It Depends


I have found, lately, that every answer can shift and every rule has an exception.

This past week I was fortunate enough to be on a two day search warrant course. The syllabus was fairly open, leaving a lot of time for discussion – which really means, time for me to pester the bejesus out of the instructors, all of whom are friends of mine.

I’ve been doing this job for nearly 10 years, so I know that every law is open to interpretation, and it was made even more apparent during the discussion time in this course. Every time I would try and pin the instructors down to an answer, they would slip out from beneath it and say “it depends.” Over the two days it became such a comical game, that the instructors would give an answer of “it depends” just to see me lose my shit.

At the end of the course my friend, Erica, who worked with me as a baby constable, what seems like a thousand years ago, asked me, “Are you going to go write a blog post called ‘it depends’?”

At the time, I laughed it off. But as the last few days have gone by, I’ve been thinking about that phrase a lot.

Writing a story, I’ve been thinking, is a lot like interpreting the law: There are a lot of hard and fast rules, things that have been sacrosanct for eons, but there is always an exception.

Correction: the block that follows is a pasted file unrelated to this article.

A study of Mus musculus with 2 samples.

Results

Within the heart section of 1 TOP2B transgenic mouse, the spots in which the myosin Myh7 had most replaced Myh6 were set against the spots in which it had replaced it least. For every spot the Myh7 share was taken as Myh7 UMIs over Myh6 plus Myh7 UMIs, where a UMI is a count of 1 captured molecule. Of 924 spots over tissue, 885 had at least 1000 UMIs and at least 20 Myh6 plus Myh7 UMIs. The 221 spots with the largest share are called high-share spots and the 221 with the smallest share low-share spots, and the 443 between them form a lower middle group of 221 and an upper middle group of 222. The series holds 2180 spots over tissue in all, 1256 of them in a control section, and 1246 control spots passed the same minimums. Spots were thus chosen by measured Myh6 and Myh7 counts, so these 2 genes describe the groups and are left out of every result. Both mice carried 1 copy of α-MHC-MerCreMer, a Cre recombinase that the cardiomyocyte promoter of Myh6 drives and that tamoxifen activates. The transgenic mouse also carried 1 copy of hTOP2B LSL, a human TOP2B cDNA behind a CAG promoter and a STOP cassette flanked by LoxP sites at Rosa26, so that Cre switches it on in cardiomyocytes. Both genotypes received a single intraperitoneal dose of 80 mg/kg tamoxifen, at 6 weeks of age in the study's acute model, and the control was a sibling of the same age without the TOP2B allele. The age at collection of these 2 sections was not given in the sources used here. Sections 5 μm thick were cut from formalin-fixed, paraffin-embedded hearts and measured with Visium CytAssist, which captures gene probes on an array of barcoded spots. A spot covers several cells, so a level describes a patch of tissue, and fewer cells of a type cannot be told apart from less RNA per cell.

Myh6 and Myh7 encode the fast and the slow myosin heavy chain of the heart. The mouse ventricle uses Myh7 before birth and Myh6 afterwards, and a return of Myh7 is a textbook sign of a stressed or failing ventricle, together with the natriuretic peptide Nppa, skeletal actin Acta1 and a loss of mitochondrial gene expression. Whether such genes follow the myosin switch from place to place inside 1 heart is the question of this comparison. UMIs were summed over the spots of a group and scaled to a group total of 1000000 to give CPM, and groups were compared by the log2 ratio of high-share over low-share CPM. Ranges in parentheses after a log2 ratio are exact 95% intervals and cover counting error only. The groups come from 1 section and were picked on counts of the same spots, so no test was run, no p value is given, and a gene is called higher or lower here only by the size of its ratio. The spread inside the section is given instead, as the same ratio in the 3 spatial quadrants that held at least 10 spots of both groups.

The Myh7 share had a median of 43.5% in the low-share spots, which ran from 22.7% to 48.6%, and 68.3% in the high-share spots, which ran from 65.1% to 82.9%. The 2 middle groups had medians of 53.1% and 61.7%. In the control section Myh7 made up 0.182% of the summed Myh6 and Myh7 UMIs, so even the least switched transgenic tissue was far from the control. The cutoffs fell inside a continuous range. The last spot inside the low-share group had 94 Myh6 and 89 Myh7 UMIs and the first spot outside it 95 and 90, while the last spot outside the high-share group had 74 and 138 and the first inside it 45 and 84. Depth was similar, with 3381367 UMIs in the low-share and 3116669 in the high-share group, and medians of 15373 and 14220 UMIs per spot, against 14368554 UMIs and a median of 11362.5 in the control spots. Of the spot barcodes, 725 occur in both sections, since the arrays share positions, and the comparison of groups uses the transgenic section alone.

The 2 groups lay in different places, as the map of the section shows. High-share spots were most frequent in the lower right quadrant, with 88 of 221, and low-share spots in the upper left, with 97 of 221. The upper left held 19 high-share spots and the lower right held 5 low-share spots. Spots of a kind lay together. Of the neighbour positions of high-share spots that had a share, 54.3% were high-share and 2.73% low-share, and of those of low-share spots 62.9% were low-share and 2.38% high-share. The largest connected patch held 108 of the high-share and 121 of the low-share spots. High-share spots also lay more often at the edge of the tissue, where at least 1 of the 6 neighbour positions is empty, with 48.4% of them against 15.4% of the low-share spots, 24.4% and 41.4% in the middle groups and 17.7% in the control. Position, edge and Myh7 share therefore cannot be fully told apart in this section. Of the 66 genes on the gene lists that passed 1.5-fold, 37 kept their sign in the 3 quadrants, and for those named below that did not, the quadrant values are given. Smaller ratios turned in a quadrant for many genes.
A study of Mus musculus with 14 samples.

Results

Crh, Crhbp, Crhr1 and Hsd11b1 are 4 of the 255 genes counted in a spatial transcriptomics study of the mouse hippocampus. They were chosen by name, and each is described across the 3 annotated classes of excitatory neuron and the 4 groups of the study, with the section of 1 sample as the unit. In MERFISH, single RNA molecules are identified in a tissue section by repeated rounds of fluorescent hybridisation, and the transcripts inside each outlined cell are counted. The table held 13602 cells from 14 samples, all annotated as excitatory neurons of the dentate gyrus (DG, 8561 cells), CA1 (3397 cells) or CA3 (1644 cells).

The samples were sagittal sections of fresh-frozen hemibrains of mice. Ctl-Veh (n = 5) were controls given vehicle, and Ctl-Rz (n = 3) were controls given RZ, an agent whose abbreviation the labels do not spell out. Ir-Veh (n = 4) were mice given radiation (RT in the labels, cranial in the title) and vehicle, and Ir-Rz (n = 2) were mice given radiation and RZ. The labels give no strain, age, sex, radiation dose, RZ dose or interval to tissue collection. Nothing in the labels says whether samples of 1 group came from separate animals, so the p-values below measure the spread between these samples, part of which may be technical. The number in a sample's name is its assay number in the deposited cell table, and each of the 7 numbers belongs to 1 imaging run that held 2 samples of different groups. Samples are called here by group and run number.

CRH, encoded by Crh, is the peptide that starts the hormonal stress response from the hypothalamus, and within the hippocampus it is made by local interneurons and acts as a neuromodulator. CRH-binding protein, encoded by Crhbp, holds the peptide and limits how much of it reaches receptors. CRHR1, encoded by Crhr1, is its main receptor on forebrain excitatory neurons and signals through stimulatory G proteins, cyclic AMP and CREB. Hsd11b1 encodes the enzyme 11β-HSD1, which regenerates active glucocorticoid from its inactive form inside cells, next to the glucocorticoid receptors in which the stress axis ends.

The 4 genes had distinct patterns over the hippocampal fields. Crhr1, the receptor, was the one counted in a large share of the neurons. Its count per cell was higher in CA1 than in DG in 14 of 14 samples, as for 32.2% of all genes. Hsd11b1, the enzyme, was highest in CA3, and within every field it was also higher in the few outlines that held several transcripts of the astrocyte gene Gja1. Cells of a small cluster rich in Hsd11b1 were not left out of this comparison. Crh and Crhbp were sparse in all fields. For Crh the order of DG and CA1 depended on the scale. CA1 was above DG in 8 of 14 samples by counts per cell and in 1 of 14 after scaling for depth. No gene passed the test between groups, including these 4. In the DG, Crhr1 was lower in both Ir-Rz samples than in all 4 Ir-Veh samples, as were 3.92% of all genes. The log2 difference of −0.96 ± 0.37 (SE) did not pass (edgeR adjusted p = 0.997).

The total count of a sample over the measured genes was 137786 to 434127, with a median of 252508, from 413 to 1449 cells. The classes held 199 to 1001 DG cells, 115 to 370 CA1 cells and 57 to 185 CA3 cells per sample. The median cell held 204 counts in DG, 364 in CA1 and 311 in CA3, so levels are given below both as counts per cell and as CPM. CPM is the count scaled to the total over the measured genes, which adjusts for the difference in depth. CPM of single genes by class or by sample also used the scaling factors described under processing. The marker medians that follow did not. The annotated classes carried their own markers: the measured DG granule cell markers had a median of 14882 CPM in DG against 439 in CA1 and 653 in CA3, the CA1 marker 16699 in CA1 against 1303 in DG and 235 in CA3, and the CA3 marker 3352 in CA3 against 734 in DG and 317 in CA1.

When I first started really working on this craft, Jack Whyte said in a class at the Surrey Writer’s conference, “You have to learn the rules of writing, and then you have to learn to break them.” The further I have gone along, the more I have discovered this is true.

People will tell you that no one wants to read a book about a teenage wizard, until J.K. Rowling sells a ga-gillion copies. Agents and Editors will tell you not to write a book about vampires, until Stephanie Meyers did it and became a household name (hated in some households, for certain). Hell, people will insist you use proper punctuation in your dialogue, and then Cormac McCarthy (whose real name is Charles) wrote “The Road”, with not a quotation mark to be seen.

Every standard expecation has an exception, and every rule can be broken. It becomes a matter of craft, a sign of your growth and experience, that you can work with those hard and fast rules until they become soft and malleable in your hands, and easily bent to your will.

This isn’t going to happen overnight, or even over the next year. I’ve been working my ass off at this craft for the last 7 years, and I’ve still got a fuck of a long way to go. But as you move forward you’re going to get better. You’ll be able to see for yourself that your writing has improved, and the ability to break those rules will come.

You just cannot give up.

Thanks for reading, and keep writing.